Hochman: His dream school was Duke, but CBC star Caleb Love signs with Dad's favorite team — North Carolina


His father had been a believer his whole life. Even though Dennis Love lived in St. Louis, his team was North Carolina.

“Worthy, Perkins, Jordan,” he said Wednesday in reverence.

And what could be finer — in 2005, St. Louis hosted the Final Four, and the Tar Heels advanced to the title game.

“We were at the game!” Love said Wednesday. “I scalped tickets. We were in the 100 section. I paid a pretty good dollar for those! He was in the seat next to me. It was about the time he was getting into basketball. He was born in 2001, so he doesn’t remember it. But we were there.”

The North Carolina Tar Heels have won the NCAA Tournament six times. Caleb Love was in the building to witness one. And on Wednesday, the Christian Brothers College senior, one of the top high school players in the land, signed to play for North Carolina in hopes to also be there for the seventh time.

“It just means a lot, coming from where I come from, from the bottom-up,” Caleb said Wednesday in front of huge silver mylar balloons of the letters U, N and C. “I believe going to North Carolina, I’ll be pushed on and off the court and it’ll put me in a position to go to the NBA.”

Caleb the Cadet is CBC’s floor general. The 6-foot-3 point guard is a studded five-star stud. Scout.com has him ranked as the No. 4 point guard in this year’s recruiting class, Rivals.com has him at No. 5.

And for a while now, Caleb envisioned himself playing college hoops on Tobacco Road.

“Caleb’s dream school,” his dad said Wednesday, “was Duke.”

Duke?

Yup.

Raised in a North Carolina household, Caleb was lured by the Blue Devils.

“And Coach K came here, we thought it was going to happen,” the supportive dad Dennis said of Duke’s Mike Krzyzewski. “And then, it didn’t happen.”

How did it not happen? Isn’t Caleb one of the top point guards in the country?

“Jeremy Roach,” Dennis said.

Caleb knows Jeremy. Two budding ball-handlers playing in elite camps and tournaments. Jeremy lives in Virginia — he’s No. 2 on the Scout.com point guard list, No. 6 on Rivals.

“And Jeremy committed to Duke,” Dennis said. “They were still recruiting him, but Caleb made it clear that he wanted to be a point guard, even though he can play off the ball. So we knew that wasn’t going to work. . . . And he said to me: ‘I need that North Carolina offer.’”

And so, next season, North Carolina’s point guard Caleb Love will go up against Duke point guard Jeremy Roach.

“What can be better than that?” Dennis asked.

It’s funny how things work out. There was Caleb on Wednesday at CBC, leading the room in smiles per minute. Chatting with family and teachers and teammates and classmates, Caleb wore a jacket with the North Carolina logo, and on his feet were a pair of Nikes that came out in August — the Jordan 1 Retro High Obsidan UNC. They are white, black and Carolina blue.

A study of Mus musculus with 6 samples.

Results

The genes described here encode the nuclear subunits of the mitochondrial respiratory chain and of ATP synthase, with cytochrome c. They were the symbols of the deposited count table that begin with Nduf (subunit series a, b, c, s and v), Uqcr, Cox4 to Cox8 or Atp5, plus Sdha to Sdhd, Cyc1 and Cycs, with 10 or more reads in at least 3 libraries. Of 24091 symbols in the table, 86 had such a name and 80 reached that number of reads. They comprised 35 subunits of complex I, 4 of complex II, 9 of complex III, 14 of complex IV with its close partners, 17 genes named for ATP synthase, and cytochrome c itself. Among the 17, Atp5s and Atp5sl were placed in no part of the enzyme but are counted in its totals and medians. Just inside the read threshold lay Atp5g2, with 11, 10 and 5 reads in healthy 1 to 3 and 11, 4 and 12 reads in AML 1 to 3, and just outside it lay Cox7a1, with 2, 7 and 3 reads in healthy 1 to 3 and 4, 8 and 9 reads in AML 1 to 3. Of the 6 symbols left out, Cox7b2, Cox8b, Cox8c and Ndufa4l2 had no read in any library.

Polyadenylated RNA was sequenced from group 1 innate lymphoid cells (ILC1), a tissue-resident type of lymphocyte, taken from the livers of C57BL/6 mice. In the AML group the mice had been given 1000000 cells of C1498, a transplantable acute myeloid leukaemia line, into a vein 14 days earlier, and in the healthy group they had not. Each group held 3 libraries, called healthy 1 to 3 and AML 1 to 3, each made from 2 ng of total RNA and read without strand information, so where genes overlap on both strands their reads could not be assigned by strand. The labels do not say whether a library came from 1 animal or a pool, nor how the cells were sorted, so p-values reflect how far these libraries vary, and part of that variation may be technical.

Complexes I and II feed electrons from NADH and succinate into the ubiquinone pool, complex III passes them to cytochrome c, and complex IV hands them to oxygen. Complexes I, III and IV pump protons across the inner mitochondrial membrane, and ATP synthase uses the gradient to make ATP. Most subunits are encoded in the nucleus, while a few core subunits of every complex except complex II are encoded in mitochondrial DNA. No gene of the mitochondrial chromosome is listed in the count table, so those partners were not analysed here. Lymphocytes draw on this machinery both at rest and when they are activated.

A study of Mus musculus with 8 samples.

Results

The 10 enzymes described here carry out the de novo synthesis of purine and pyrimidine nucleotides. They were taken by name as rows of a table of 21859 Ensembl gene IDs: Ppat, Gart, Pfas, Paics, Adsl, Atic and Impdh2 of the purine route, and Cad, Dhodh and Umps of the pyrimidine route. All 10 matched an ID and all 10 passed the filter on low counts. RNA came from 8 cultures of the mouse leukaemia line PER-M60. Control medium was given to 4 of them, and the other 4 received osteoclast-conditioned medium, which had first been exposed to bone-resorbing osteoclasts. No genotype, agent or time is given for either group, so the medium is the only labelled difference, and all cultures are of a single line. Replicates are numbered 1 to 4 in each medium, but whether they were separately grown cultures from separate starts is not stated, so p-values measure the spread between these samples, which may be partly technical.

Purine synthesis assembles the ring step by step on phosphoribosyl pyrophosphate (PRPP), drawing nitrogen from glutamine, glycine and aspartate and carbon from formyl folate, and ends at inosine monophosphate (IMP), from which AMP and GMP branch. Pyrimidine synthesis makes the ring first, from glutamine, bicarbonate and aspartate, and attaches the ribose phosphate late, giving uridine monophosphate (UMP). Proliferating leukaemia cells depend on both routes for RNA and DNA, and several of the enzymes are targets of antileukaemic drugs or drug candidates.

“We’re about to paint the basement Carolina Blue,” Dennis said. “We’re going to really deck it out. It’s his man cave.”

Caleb gushed about the “family culture” at North Carolina, led by the legendary Roy Williams, who coached the Tar Heels to that title in 2005 (and 2009 and 2017). The current director of basketball operations is Sean May, the former NBA center who was the most outstanding player of the 2005 NCAA Tournament.

And sure enough, even Caleb’s current coach knows the Duke-North Carolina rivalry quite well. Justin Tatum’s son, Jayson, starred at Duke for a season before getting taken by the Boston Celtics with the No. 3 pick of the 2017 NBA draft.

“He’s saying Duke is going to beat us when I’m there,” Caleb said. “It’s all fun and games.”

While his players ate some celebratory cake, coach Justin Tatum was asked to describe his point guard for those who haven’t seen Caleb Love play.

“He’s a composed, high-level kid out there,” Justin Tatum said. “He can play multiple positions, he can make big shots and he wants to take big shots. He’s a kid who doesn’t want to lose. He’s going to encourage and challenge his teammates. He just figures out a way. He’s been great to coach and great to watch. I have the closest seat.”

Dennis will be sitting pretty close, too. He was in that coach’s chair back in the elementary days, back when they didn’t realize just how good Caleb would be. Now, they wonder just how good he can be.

It was 14 years ago when they went to their first Carolina game together — first, it seems, of many.

“Being a dad, you just really like all those moments,” Dennis said. “Even now, I like to steal moments with him. And really be that dad for him, so I can say that we hung out. Right now, I’ll take him to Top Golf, because I just want to have moments with him. Because I know in a few months, man, he’s gone. We’ll still have our relationship, but it’s going to be different.”